Donna Free and Joe Biddy have more than 60 years of printing experience between the two of them.
Both were trained in traditional printing and both started businesses in the area during the 1980s.
But in 2007, the nation saw one of the worst economic downturns in history, forcing many businesses to change their approach or, worse, close their doors.
Free and Biddy were no exception.
In 1980, Biddy opened Georgia Printing, which specialized in offset printing. Nine years later, Free and her husband, Steve, opened Premier Printing, which eventually specialized in label printing.
Then came the recession. Many printers — a business Biddy and Donna Free said had its share of success prior to the mid-2000s — were forced to shut down, leaving many without jobs or options.
“Our industry has gone down — the demand is just not there,” Donna Free said.
In 2009, the Frees and Biddy had a plan. Premier Printing would buy out Georgia Printing and the two would become one, forming Premier Georgia.
“You can recognize instantly the economy of that,” Biddy said. “Where you’d have two bookkeepers, you now have one. Where you’d have four cutters, you now have two cutters. Where you’d have six pressmen, now you have three pressmen. So the economy of doing that is evident.”
But while trying to make the business floor leaner and still maintain production levels, the company, like many in the region, state and nation, had to ask its employees, along with its owners, to do more.
“We’re not just owners that own the business. We’ve always had active jobs,” said Donna Free. “You just learn to do it. I’ve found our success comes from everybody being cross-trained. You just move around people and they do the job.”
Historically the printing business has had niche jobs and employees were only asked to perform one role. A pressman would just operate the press. An accountant would just punch the numbers. A designer would just, well, design.
Now, everybody on the production floor and in the front office is asked to wear more hats.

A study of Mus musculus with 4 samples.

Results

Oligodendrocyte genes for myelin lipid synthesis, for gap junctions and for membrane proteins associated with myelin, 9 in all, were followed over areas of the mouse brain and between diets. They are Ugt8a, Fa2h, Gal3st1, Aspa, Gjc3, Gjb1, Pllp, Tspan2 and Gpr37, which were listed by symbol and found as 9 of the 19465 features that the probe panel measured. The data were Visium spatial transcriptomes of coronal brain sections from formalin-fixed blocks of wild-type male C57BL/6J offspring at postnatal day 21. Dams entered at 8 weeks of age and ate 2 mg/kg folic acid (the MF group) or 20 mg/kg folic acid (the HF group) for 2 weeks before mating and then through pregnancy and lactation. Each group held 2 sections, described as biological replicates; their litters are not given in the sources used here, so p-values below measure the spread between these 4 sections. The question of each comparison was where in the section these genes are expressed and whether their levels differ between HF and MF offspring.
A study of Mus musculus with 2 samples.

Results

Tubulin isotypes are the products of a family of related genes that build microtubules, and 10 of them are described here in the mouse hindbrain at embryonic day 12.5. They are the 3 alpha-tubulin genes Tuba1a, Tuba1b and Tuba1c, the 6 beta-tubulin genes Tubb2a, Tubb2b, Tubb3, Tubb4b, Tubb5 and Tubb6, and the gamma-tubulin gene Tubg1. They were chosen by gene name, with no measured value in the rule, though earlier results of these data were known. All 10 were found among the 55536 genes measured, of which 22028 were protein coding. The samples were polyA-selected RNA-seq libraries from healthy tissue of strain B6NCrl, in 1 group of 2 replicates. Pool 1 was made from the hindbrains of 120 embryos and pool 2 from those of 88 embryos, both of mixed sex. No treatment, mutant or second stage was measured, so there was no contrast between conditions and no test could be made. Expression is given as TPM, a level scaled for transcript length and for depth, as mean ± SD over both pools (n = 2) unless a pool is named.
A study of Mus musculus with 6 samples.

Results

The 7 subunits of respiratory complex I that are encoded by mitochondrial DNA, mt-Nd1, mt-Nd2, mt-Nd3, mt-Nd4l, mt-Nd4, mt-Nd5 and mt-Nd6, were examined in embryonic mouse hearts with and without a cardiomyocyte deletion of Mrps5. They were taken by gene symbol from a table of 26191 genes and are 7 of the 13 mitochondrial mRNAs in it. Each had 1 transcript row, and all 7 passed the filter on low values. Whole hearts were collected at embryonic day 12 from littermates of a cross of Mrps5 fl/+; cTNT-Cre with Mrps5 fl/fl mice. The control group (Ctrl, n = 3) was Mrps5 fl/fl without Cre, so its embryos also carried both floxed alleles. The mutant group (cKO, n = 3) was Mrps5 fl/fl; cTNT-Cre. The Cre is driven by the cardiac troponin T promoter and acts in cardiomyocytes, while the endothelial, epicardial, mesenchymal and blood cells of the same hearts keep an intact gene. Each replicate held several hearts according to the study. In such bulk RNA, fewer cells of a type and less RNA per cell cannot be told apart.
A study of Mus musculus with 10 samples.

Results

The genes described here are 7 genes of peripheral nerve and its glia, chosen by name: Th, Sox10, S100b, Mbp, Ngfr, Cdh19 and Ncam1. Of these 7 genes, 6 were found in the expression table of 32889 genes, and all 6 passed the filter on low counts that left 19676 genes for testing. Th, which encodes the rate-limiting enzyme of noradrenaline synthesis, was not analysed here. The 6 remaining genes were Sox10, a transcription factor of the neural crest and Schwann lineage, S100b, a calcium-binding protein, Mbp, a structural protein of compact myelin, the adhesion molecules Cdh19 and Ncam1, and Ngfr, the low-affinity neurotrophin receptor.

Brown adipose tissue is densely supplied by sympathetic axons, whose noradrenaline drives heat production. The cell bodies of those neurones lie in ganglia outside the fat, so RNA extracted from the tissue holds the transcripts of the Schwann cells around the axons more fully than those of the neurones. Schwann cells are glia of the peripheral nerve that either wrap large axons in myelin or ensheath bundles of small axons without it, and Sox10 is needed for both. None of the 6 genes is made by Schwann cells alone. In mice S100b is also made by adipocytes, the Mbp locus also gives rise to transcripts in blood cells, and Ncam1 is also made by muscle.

“In every sector, we’re doing so much more as far as production and goods, but we’re doing so with much fewer people,” said Tim Evans, vice president of economic development with the Greater Hall Chamber of Commerce.
“It’s definitely a trend and a trend that will continue, no question.”
That sentiment is true at Premier Georgia’s McEver Road offices.
“I’m more hands-on today than I’ve ever been,” said Biddy. “When Donna started out, she knew how to do everything. As they grew, they brought on more folks and they could do more things. But now as we ratchet down a little bit, we’re back to doing more things.”
But that doesn’t mean business has slowed. In 2000, the Frees started printing labels, mainly for the area poultry industry. Two years ago, they started producing packaging for the same industry.
“I didn’t want to sit back. I wanted to grow my business,” said Donna Free. “I’m going to go get work because it may not come to you.”
And although she may have an office with a window, it’s doubtful you see her with her feet up. As her employees’ responsibilities multiply, so do hers.
“I’ve been doing all the ‘owner’ stuff, but then I’ll go and do order entry. Then I’ll go and do some design work,” she said.
“I had employees. Joe had employees. I wanted to stay (in business) for them. I wanted to work hard and sustain for them. They give 100 percent like I have, so I feel like I owe my employees the extra work that I’m doing.”
The result? A thriving business forged in a bad economy.
“The recession just continued to eat into our business (prior to the merger),” said Biddy. “There were a number of people who went out of business that didn’t need our product anymore.
“(But) the result has been good. I’m sure there’s been some sleepless and anxious nights for the Frees. With this stinking economy, you were not real sure there for awhile whether it was going to tick up or tick down. They kept the faith and stayed the course and now it’s starting to pick up.”
But even though things are starting to pick up for local businesses, asking more out of employees and working “lean” is likely to remain commonplace in today’s business world.
“I hate to use the term ‘new norm’ because everybody uses that term, but that’s exactly what is going to happen,” said Biddy. “It is going to be the way businesses are run.”